Experimental Demonstrations of Spontaneous, Solar-Driven Photoelectrochemical Water Splitting

Wednesday, 27 May 2015: 09:10
Conference Room 4D (Hilton Chicago)
J. W. Ager III (Lawrence Berkeley National Laboratory), M. Shaner, K. Walczak (Joint Center for Artificial Photosynthesis), I. D. Sharp (Lawrence Berkeley National Laboratory), and S. Ardo (University of California, Irvine)
There is significant recent interest in understanding the science and developing technologies associated with solar-driven photoelectrochemical water splitting with the goal of producing hydrogen as a potential carbon-neutral transportation fuel [1].   One specific implementation of this concept is an integrated or monolithic device that operates spontaneously, without added electrical bias [2].  Experimental demonstrations of such systems date back to the mid-1970s [3], and, since that time, there have been improvements in both the functional understanding and performance of the devices.

This presentation will review laboratory demonstrations of spontaneous, solar water splitting.  There are a number of design considerations which arise when considering the full solar to fuel conversion system.  These include the type and number of semiconductor junctions used to generate the requisite photovoltage, the use of co-catalysts, the electrolyte conditions, a product separation method such as a membrane, and the geometric layout and size of components.  To date, all approaches which have a solar to hydrogen (STH) conversion efficiency of >5% employ either 2 or 3 semiconductor junctions arranged in a voltage-additive tandem configuration.  The degree of integration varies widely, as well as the definition of this term.  Some demonstrations employ isolated photovoltaic elements connected by wires to hydrogen and oxygen evolution catalysts that are in contact the electrolyte.  Others employ a more integrated strategy, with the photocathode and/or the photoanode in near or direct contact with the electrolyte.  A small subset of devices employ a mechanism, such as a proton or anion conducting membrane, to separate products and yield a pure H2 stream.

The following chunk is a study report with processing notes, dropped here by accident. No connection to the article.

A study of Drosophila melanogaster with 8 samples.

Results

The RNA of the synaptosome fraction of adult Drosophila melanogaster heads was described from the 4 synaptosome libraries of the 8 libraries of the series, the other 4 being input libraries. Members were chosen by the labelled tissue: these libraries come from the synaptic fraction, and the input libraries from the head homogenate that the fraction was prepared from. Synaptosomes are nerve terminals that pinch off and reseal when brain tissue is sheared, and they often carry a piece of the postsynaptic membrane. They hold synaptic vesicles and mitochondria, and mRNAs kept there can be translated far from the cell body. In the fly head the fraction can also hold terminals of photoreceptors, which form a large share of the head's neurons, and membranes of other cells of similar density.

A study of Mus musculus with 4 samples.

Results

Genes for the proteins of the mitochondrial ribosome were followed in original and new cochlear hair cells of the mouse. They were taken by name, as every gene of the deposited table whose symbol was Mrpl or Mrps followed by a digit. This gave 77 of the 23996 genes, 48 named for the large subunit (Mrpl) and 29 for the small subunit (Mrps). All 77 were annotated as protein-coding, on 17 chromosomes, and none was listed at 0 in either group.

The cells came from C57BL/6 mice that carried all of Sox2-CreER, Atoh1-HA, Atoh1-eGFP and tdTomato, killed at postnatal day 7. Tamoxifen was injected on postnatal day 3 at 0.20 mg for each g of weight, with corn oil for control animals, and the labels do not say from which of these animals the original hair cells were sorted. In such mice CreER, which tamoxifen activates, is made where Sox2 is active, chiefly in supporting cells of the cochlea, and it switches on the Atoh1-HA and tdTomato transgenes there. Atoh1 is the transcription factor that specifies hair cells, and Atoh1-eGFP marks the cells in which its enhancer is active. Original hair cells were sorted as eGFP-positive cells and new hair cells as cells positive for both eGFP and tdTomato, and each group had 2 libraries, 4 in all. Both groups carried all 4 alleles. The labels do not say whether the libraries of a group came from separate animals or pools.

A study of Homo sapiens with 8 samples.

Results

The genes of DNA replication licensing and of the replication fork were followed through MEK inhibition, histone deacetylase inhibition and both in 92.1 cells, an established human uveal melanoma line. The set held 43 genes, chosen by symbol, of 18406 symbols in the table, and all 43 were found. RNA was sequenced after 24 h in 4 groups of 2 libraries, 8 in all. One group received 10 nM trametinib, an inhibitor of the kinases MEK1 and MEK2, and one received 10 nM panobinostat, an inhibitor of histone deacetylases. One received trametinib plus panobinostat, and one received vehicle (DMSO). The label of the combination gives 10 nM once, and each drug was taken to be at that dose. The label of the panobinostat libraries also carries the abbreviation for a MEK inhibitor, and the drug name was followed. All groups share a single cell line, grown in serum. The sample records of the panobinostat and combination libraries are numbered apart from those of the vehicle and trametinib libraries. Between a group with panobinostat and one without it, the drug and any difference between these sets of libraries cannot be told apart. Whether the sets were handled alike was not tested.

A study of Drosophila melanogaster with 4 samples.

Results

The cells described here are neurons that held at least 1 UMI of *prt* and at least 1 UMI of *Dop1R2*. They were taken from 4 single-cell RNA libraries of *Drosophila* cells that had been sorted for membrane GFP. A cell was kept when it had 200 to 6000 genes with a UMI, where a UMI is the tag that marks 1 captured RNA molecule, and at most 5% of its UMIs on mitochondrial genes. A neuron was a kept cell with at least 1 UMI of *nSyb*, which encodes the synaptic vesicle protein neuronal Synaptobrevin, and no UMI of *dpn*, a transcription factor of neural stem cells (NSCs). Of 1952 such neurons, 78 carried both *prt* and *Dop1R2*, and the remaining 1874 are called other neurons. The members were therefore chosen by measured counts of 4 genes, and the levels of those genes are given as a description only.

Reported STH conversion efficiencies range from <1% to 18%.  In most cases, these are calculated by measuring current densities and assuming 100% Faradaic efficiency, though H2 production rates are measured directly in some reports.  It will be emphasized that STH values are not validated by an independent test facility as is the case with solar photovoltaic efficiency “world records” [4].  Device longevities under operation will also be discussed.  Again, while there is not an accepted protocol for reporting device lifetime, it will be shown that few reports demonstrate operation for >24 hours.  Standard and accepted international guidelines and protocols for evaluating and reporting device metrics for complete and integrated solar water splitting systems would be of great value in quantifying technological progress in the field. 

1.  M. G. Walter, E. L. Warren, J. R. McKone, S. W. Boettcher, Q. Mi, E. A. Santori, and N. S. Lewis, Chem. Rev. 110, 6446 (2010).

2.  J. Rongé, T. Bosserez, D. Martel, C. Nervi, L. Boarino, F. Taulelle, G. Decher, S. Bordiga, and J. A. Martens, Chem. Soc. Rev. 43, 7963 (2014).

3.  A. J. Nozik Applied Physics Letters 29, 150 (1976).

4.  M. A. Green, K. Emery, Y. Hishikawa, W. Warta, and E. D. Dunlop, Prog. Photovoltaics Res. Appl. 22, 701 (2014).